The body's tendency to silence the expression of one parental allele in favor of the other -- a practice known as genomic imprinting -- is much more widespread than scientists have believed, according to a new genome-wide study in mice, published online this week in linkurl:Science.;http://www.sciencemag.org/ The study found that the number of genes in mouse brains with a bias toward either the maternal or paternal allele is thirteen times higher than previously thought. Kessa LigerroWikimedia

Megan Scudellari
The body's tendency to silence the expression of one parental allele in favor of the other -- a practice known as genomic imprinting -- is much more widespread than scientists have believed, according to a new genome-wide study in mice, published online this week in linkurl:Science.;http://www.sciencemag.org/ The study found that the number of genes in mouse brains with a bias toward either the maternal or paternal allele is thirteen times higher than previously thought.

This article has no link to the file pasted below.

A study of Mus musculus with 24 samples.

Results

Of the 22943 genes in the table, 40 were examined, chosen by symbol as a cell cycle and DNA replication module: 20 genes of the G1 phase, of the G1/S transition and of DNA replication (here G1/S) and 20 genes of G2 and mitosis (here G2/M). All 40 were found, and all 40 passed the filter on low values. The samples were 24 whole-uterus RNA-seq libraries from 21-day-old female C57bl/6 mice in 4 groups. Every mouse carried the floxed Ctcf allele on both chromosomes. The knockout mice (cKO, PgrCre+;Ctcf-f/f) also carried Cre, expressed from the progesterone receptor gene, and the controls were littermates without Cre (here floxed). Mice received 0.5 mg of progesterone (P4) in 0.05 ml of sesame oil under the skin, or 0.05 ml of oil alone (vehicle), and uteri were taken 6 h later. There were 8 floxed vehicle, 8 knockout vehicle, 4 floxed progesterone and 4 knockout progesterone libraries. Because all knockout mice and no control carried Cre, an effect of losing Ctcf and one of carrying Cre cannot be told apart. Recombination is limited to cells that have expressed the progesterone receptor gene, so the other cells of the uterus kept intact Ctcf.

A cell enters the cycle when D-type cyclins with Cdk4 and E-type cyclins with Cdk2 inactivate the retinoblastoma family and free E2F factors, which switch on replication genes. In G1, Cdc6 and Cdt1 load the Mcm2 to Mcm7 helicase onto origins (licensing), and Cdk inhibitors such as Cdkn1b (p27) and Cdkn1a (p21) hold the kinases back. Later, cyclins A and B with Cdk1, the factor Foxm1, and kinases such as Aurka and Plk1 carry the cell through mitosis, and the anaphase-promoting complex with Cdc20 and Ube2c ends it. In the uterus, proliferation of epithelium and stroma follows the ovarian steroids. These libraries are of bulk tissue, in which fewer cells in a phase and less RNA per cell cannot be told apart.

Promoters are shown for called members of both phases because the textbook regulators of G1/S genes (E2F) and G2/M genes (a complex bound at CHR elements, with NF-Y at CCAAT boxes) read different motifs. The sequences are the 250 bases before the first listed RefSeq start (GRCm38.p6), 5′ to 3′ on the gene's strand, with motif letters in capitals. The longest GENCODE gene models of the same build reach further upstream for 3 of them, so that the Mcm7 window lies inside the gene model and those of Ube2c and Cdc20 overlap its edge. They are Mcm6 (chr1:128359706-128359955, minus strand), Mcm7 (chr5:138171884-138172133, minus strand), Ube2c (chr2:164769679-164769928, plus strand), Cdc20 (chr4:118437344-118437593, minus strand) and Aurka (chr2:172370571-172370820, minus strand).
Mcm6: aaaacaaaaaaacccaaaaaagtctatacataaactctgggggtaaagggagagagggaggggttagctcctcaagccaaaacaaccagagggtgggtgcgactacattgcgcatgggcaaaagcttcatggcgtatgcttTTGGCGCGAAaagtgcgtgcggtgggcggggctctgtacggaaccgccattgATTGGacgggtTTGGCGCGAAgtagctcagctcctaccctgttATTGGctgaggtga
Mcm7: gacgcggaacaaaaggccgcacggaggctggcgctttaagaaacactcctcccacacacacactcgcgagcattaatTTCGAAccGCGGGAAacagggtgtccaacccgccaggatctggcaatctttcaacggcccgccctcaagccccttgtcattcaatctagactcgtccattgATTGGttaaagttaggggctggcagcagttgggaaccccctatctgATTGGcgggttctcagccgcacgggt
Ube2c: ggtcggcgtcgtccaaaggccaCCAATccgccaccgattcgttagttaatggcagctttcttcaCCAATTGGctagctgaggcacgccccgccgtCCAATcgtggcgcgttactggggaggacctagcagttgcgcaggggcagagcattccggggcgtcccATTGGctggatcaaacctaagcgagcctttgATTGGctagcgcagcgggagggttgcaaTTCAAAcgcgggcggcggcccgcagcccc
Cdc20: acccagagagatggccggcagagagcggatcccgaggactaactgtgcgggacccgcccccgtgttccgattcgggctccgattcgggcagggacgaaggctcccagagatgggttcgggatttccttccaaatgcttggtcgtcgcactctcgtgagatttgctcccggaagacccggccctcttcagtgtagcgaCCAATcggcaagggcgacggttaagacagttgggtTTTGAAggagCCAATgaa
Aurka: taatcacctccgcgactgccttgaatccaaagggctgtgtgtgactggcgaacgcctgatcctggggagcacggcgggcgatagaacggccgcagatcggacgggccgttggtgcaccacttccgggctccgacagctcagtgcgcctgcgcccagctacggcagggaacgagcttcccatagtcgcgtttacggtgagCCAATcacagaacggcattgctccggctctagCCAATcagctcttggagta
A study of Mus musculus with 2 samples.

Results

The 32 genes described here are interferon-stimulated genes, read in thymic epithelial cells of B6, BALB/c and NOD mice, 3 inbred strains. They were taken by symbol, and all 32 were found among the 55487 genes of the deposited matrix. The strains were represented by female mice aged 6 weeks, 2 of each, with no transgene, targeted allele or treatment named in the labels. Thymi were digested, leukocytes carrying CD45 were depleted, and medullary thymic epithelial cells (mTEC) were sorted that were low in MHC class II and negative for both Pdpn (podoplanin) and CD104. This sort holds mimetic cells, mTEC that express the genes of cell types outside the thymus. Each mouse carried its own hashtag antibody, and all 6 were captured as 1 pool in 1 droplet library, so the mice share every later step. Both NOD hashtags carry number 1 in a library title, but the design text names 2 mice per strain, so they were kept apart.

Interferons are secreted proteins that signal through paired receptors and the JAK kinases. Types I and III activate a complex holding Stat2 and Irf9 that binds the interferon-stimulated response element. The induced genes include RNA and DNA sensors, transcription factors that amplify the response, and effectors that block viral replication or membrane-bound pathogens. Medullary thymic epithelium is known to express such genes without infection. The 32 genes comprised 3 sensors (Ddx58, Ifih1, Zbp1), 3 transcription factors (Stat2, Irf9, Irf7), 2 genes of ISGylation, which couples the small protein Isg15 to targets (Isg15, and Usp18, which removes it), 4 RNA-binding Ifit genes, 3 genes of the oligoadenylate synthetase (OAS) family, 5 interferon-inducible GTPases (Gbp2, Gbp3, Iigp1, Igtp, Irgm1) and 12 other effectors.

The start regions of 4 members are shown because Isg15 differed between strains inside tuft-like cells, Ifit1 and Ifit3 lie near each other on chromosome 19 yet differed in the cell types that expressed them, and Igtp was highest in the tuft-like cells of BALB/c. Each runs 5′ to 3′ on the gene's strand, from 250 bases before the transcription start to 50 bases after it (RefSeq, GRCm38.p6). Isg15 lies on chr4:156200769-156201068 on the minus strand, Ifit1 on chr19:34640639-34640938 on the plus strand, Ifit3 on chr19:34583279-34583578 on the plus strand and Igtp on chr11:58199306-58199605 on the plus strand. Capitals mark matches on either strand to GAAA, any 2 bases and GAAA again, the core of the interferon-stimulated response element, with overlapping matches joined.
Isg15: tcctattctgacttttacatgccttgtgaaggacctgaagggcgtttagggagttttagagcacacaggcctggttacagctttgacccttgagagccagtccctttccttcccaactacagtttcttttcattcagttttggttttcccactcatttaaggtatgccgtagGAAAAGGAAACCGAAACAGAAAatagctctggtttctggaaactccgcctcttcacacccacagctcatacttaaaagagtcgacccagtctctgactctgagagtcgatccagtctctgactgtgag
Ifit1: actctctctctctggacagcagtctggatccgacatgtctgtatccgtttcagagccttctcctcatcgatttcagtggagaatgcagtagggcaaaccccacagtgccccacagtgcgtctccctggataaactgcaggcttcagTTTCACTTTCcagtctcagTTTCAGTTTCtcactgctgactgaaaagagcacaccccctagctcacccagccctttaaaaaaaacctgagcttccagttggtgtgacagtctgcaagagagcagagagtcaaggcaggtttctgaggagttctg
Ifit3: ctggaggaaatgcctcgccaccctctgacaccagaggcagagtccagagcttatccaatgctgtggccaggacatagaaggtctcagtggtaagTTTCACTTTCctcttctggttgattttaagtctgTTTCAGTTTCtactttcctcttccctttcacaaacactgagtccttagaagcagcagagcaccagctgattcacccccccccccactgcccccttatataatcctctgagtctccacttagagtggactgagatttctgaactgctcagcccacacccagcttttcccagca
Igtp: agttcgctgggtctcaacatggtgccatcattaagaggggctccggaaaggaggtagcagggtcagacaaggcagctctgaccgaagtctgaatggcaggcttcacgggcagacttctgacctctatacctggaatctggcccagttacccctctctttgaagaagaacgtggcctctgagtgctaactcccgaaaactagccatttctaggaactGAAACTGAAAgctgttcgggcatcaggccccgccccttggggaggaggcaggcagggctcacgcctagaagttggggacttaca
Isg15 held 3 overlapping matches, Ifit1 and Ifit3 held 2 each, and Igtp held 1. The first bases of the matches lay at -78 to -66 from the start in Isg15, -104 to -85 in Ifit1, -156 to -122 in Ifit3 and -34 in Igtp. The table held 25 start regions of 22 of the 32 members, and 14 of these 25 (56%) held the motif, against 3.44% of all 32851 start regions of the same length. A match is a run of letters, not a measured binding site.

Kessa Ligerro
Wikimedia Commons
"Overall, the results tell us that imprinting is a major mode of epigenetic regulation," said study author linkurl:Catherine Dulac;http://golgi.harvard.edu/faculty/faculty_profile.php?f=catherine-dulac at Harvard University. In addition, she and her colleagues argue that understanding imprinting in the brain may shed light on sex-specific brain diseases. Genomic imprinting is a type of epigenetic regulation, in which chemical reactions cause changes in gene expression without altering the underlying DNA. Over the last ten years, many...
The Scientist.Interleukin 18,C. Gregg et al. "High Resolution Analysis of Parent-of-Origin Allelic Expression in the Mouse Brain," Science, published online July 8, 2010, doi:10.1126/science.1190830.C. Gregg et al. "Sex-Specific Parent-of-Origin Allelic Expression in the Mouse Brain," Science, published online July 8, 2010, doi:10.1126/science.1190831.